After the interviews any electronic recordings should be transcribed or notes are made. The notes can be analysed using thematic analysis. It should be clear after several interviews what the key themes are, both positive and negative, in that they keep repeating themselves.
Identify the key themes
Themes can be identified from a range of different perspectives.
- Over time — these are themes that seem to be consistent over many years and have become hallmarks of the club or facility (eg a coach with a long series of winning teams).
- Range of sources — these themes are from a range of different sources including interviews, photos, annual reports (eg trophies or Honours Boards, annual report of year highlights).
- Range of stakeholders — such as internal stakeholders (eg players, other coaches).
Ideally, to show that the values are widely held views about the club or facility, every (or most) value themes you’ve identified should be ‘triangulated’ with evidence of the theme based on the views of both internal and external stakeholders.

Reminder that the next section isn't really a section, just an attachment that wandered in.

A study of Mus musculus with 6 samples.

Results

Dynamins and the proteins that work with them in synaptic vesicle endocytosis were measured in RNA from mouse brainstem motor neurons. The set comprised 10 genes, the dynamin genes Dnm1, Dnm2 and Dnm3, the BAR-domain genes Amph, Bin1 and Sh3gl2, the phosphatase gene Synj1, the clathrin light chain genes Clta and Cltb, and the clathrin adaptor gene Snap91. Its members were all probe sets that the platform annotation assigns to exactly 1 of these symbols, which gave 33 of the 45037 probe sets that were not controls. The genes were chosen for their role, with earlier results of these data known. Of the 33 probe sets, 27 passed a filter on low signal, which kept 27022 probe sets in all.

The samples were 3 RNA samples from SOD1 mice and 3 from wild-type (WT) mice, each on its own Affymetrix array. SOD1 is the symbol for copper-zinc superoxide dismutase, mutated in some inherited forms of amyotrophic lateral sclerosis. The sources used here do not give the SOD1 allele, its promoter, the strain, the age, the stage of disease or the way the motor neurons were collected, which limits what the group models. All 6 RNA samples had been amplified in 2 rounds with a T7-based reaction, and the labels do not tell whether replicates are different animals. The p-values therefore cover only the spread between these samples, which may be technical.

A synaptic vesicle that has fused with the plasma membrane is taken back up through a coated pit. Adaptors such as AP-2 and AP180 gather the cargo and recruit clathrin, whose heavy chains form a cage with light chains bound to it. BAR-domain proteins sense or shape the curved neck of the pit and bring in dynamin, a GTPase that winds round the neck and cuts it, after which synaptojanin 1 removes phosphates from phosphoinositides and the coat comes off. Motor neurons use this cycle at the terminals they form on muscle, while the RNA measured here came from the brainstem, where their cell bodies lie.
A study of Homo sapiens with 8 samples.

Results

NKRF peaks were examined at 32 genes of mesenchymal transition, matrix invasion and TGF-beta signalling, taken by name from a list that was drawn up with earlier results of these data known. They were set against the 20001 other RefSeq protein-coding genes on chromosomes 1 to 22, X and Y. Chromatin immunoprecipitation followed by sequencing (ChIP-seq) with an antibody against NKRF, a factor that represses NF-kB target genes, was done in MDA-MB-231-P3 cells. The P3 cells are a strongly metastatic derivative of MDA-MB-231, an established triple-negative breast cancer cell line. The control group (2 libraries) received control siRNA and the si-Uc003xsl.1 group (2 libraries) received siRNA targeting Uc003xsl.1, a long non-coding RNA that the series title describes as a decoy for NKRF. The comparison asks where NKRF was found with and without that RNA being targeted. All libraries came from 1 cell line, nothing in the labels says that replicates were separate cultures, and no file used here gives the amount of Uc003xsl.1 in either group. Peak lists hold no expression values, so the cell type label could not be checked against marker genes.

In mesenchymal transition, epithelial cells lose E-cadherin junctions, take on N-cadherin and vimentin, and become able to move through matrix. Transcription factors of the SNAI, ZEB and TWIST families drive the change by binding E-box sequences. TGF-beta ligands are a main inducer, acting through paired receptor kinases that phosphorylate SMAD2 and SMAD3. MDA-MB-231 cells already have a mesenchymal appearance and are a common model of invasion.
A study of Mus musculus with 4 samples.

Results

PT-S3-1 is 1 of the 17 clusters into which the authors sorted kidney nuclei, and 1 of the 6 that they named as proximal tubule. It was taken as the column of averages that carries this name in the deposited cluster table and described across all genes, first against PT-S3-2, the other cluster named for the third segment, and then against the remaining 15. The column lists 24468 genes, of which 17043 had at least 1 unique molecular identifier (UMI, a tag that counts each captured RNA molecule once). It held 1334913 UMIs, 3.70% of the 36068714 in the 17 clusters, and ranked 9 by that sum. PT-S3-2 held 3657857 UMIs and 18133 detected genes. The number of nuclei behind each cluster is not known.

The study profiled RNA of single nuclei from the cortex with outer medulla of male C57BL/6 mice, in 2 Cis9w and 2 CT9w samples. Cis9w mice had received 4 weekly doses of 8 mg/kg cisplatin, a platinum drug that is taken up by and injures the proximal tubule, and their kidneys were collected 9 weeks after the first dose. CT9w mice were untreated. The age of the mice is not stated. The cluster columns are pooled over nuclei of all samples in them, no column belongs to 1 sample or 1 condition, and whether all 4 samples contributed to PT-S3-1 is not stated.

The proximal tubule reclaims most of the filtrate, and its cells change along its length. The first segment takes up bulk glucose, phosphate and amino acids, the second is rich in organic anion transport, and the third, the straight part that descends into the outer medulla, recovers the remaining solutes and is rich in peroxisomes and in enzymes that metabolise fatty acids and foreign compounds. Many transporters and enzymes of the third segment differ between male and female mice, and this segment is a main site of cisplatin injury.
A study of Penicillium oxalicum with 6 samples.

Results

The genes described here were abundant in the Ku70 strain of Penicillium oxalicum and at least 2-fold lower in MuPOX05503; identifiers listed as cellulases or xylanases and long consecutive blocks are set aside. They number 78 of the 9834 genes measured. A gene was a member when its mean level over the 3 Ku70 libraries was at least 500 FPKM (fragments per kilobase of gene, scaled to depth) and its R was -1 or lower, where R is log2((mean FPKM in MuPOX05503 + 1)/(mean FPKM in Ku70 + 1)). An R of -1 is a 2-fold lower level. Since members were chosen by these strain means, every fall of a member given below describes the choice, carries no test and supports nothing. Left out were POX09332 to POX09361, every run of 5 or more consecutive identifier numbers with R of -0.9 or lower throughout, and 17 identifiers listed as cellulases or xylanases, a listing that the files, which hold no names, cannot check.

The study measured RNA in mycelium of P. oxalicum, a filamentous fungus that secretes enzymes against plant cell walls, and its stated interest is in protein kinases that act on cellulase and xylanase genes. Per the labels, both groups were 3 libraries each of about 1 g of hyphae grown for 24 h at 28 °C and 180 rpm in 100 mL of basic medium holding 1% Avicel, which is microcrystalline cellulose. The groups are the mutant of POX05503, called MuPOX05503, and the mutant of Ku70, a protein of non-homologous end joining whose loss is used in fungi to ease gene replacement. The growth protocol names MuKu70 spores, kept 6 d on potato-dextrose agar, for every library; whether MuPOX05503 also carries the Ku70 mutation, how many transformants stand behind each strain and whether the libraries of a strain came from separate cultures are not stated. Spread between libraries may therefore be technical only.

Checking with the stakeholders
A key step in preparing the case study is checking back with the key stakeholders once you’ve finished the initial analysis and identified the recurring values.
This check-back is likely to be a two-stage process.
- A presentation and discussion about what you found.
- Providing the written report (or summaries of key parts of the report) to position holders/administrators for sign off.
If you have identified any negative themes, it’s good to include these in the check-back process. That way any solutions can be considered before the information is shared more broadly through the final reporting processes.